Which Fatty Acids are Associated with Pancreatic Cancer Risk?

In moderation, fats are an essential part of any healthy diet. Fats are necessary to help the body absorb certain vitamins, such as vitamin A, vitamin D, vitamin E and vitamin K for a healthy functioning body.

New case-controlled studies into diet and cancer have found important new evidence associating fatty acids with a higher risk of pancreatic cancer. It's important to understand the different types of fats and how some can actually be good for you, such as the type of fat found in fish oil supplements.

Different Types of Fats

Not all fats in our diet are the same. Most packaged foods show a breakdown of nutritional content into total fat, saturated fat, polyunsaturated fat, monounsaturated fat and trans fat.

Trans fats are generally known as the "bad boys" of the family. These fats are particularly likely to raise the levels of bad cholesterol and decrease the levels of good cholesterol which can lead to heart disease. Trans fats can be divided into two groups: industrial trans fats found in vegetable shortening and partially hydrogenated margarines, and naturally occurring trans fats found in dairy products from cows, sheep and goats.

Study into the Relationship Between Fats and Pancreatic Cancer

Dietary fat can be divided into several different subtypes, which is important to understand as doctors tell us that not all fats are bad for our health. A recent study published in the International Journal of Cancer (April 2014) outlined a detailed case study comparing dairy fats, meat fats, fish oils and specific fatty acids. The researchers analyzed the association between different fatty diets, related nutrients, and the risk of pancreatic cancer developing.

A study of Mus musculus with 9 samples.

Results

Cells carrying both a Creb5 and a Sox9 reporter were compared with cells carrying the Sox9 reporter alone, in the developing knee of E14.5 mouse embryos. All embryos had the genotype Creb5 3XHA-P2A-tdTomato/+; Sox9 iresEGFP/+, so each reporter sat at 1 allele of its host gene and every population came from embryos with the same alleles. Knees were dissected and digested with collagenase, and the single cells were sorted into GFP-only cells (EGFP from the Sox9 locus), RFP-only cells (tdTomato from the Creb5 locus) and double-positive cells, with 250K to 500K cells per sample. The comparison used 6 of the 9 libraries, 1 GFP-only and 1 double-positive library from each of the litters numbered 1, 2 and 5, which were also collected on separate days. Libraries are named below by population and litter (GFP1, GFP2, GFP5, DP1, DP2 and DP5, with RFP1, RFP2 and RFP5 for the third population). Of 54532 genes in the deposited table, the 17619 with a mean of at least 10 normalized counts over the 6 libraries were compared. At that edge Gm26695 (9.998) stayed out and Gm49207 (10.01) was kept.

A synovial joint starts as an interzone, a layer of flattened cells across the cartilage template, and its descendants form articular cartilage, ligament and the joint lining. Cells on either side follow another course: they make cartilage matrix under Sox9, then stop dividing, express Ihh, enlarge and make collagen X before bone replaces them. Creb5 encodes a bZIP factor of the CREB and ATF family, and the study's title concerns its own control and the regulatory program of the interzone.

The study focused on 384 case studies and 983 controls who were carefully matched on age, sex and race. The study took place between 2004 and 2009.

Initially, study participants completed a detailed questionnaire about their diet, broken down into 144 food items and recording the frequency with which each food was consumed. The results were adjusted to account for age, sex, smoking, body mass index, and the presence of diabetes mellitus. This provided an odds ratio for accuracy of 95%. The study looked at total protein consumed, meat replacement, vitamin B12, vitamin E, zinc, phosphorus and two fatty acids - linoleic acid and polyunsaturated fatty acids.

The conclusion of the study highlighted the fact that eating a diet high in total protein which contained certain unsaturated fatty acids showed a lower risk of developing pancreatic cancer compared to those who had a diet high in dairy fats. The study also found there was an increased risk of pancreatic cancer linked to diets high in saturated fatty acids such as butyric acid, caproic acid, caprylic acid and capric acid. These last three fatty acids are particularly associated with goats' milk.

An earlier study, published in 2008, analyzed 865 men and 472 women who were diagnosed with exocrine pancreatic cancer. The study concluded that there was a direct association between those who had a diet high in total fat and monounsaturated fats, but not in those who had a diet high in polyunsaturated fat. The highest risk association was with those who had a diet high in saturated fat from animal sources such as red meat and dairy products.

Next time you look at the fat content of your favorite foods, it's worth bearing in mind that the healthiest source for essential fatty acids is polyunsaturated fat found in nuts, seeds, algae and oily fish.